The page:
Jeff Bezos, Bill Gates, Warren Buffett, Bernard Arnault...What comes to your mind when you hear these names? For starters, the fact that they are all billionaires and among the richest individuals in the world. Besides the mammoth capital that they have, there is another factor that links them all – the principle of Compounding. Harnessing the power of compounding patiently and regularly is the key to accumulating wealth over time, writes Mehak Sood.
What is Compounding and Why is it Important?
What happens when you push a small snowball down a hill? It gradually and continuously picks up snow. When it reaches the bottom of the hill, it no longer remains the same small snowball; rather, it is now a giant snow boulder. The snowball effect is a metaphor for compounding. It explains how small actions carried out over time can lead to big results. Compounding involves the concept of earning returns not only on your original savings but also on the interest accumulated on your principal. This is a theory that is as simple in its definition as it is colossal in its impact.
Albert Einstein referred to compounding as the eighth wonder of the world. Consider the Magic Penny scenario described by Darren Hardy in his book The Compound Effect. You are given two choices: you can get $3 million today or a penny that doubles in value every day for 31 days. Which one would one choose? The majority would choose the $3 million. But if you are aware of the power of compounding then you would choose the penny. Why? After 31 days, the penny would be worth $5.3 million!
Compounding can turn a small investment into a large corpus, but time is of the essence. One should start investing early. Small amounts invested early make a huge impact in the next 20-30 years. Many investors procrastinate thinking that they will compensate for the lost time by investing large amounts later in life, which is an impossible ordeal since they will lose the impact of compounding.
Let’s take the case of two good friends Mohit and Rohit. Mohit starts investing Rs 5000 per month at the age of 25. On the other hand, Rohit starts investing Rs 7,000 per month at the age of 35. At the age of 60, both would have invested Rs 21 lakh. Assuming their investments have grown at the rate of 15%, Mohit would accumulate Rs 7.3 crore while Rohit would have only Rs 2.3 crore. Mohit has gained 69% more money than Rohit even though the latter invested Rs 2,000 more per month than him. Therefore, starting early (and investing regularly) gives a huge boost to the accumulations of corpus.
George Soros, the ‘Man Who Broke the Bank of England’, started investing at an early age. He rose from a humble background. With his consistent efforts and regular investing, he became a billionaire in a short span of time. In 1967, at the age of 37, he started his first offshore fund, the First Eagle Fund, with a capital of $12 million and he grew it to $25 billion by 2018.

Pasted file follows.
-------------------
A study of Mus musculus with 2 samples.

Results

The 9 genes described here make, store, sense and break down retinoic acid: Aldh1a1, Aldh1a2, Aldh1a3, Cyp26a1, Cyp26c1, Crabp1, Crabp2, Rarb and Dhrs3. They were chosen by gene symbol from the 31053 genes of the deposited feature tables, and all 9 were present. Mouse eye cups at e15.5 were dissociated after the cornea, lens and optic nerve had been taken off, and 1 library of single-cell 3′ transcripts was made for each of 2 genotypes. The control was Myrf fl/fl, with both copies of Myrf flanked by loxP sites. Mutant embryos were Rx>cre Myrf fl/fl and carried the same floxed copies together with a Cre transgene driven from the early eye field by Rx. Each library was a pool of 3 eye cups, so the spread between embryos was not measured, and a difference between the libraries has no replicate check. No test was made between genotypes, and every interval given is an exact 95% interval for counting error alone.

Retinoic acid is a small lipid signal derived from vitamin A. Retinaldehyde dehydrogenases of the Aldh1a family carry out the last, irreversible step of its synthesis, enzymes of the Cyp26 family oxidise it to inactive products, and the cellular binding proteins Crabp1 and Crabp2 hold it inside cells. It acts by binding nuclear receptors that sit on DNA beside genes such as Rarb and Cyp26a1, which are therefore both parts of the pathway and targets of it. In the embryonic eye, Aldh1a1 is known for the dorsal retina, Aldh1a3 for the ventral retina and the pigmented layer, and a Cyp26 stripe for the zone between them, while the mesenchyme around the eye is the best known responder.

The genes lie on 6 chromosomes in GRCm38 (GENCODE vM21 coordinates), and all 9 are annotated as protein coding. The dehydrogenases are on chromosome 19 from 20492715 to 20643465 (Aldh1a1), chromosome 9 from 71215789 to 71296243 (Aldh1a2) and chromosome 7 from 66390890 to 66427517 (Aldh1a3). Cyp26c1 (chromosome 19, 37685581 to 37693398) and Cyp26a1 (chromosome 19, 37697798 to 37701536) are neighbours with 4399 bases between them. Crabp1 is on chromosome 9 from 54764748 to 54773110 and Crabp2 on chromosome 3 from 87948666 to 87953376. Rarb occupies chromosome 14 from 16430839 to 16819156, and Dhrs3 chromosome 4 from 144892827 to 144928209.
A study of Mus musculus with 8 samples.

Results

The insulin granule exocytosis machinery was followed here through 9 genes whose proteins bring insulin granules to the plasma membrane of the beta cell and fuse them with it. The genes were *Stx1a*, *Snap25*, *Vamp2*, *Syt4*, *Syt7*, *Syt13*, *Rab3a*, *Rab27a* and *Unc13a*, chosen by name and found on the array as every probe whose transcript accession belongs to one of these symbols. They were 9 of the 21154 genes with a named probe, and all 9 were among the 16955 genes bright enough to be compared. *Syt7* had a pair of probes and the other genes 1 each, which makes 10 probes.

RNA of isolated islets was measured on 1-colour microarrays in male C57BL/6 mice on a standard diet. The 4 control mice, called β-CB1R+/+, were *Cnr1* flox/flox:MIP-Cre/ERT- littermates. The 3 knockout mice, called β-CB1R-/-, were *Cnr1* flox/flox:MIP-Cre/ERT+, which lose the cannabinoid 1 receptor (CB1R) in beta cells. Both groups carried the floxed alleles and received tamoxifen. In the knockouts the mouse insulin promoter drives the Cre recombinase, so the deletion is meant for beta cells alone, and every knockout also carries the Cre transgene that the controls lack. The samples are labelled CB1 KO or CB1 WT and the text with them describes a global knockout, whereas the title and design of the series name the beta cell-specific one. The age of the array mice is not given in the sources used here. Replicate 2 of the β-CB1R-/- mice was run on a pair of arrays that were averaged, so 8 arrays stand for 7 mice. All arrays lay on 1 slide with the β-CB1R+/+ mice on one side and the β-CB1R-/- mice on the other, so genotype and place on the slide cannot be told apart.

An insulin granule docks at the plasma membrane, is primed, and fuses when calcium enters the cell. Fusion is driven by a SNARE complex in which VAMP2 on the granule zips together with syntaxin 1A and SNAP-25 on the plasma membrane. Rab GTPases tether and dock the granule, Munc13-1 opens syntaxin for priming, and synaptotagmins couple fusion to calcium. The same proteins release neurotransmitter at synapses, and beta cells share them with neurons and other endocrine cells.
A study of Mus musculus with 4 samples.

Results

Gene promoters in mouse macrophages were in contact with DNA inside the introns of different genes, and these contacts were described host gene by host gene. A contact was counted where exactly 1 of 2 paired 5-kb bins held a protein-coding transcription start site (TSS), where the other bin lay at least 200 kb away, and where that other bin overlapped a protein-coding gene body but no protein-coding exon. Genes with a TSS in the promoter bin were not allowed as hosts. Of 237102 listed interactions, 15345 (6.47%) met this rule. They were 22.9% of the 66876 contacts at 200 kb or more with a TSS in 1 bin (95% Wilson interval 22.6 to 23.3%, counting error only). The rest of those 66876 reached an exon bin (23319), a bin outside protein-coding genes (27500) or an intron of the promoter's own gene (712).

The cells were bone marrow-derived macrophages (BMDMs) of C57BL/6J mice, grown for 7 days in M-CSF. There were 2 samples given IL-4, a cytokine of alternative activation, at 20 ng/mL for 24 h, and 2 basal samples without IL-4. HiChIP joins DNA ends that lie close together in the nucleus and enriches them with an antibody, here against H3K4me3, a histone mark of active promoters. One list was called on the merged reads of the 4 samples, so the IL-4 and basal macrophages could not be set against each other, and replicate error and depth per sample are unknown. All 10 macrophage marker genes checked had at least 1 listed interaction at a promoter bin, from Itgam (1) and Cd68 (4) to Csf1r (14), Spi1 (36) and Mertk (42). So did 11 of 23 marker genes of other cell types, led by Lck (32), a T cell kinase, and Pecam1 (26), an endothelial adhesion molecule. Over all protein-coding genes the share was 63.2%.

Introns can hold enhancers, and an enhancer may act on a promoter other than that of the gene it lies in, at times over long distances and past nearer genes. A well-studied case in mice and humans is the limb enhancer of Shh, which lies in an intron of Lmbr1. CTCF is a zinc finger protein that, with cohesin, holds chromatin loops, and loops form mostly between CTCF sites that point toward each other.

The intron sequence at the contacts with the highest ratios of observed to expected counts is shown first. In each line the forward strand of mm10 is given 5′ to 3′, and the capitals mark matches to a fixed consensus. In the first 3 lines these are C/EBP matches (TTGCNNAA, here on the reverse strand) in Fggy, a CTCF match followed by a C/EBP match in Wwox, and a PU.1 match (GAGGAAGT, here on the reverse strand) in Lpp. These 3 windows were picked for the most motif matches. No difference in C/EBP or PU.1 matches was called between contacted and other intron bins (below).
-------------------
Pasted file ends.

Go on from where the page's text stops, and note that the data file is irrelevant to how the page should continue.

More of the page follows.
Compounding Prerequisite #1
The key to leverage the power of compounding is to stay invested for a long time. The longer your time frame, the more compounding works at an accelerated rate. For instance, let’s say you have to build a stairway to reach the moon. Imagine you start with one step on the first day and double your steps daily. How long do you think it would take for you to reach the moon? It would take you just 31 days to cross the moon with a stairway length of 6.5 lakh km. However if you stop after 15 days, you would have covered only 10 km. The difference, as can be seen, is staggering.
Compounding Prerequisite #2
Another prerequisite for compounding is patience. Warren Buffett, with an estimated net worth of $81.6 billion, is indisputably one of the most successful investors in history. At the tender age of 11, Buffett bought his first stock. He bought three shares of City Service at $38.25 each and sold them quickly making a small profit of just $2. The shares later went to top $200 and this taught him the value of patience in compounding. The ‘Oracle of Omaha’ preached this principle ever since.
The Billionaire Plan
Accumulating wealth in the billions is a fantasy for all. As near-to-impossible as it may sound, let us do the math and see how realistic this is. On average, one has a financial career of 30-40 years. Let’s say you start at the age of 25 and manage to save Rs 10 lakh. If your money doubles every three years, then in a 30-year career there would be 10 doubles. Thus, at the age of 55 years, the Rs 10 lakh will have compounded to Rs 100 crore. This makes you a billionaire and puts you among the richest 1% of the people! You may say that this sounds hysterical but the mathematics is solid.
Compounding is all about starting early, building regularly, and not withdrawing your efforts halfway. These are the only three steps in ‘The Billionaire Plan’. Following these steps and the ideologies of compounding can stop no one from becoming the next billionaire.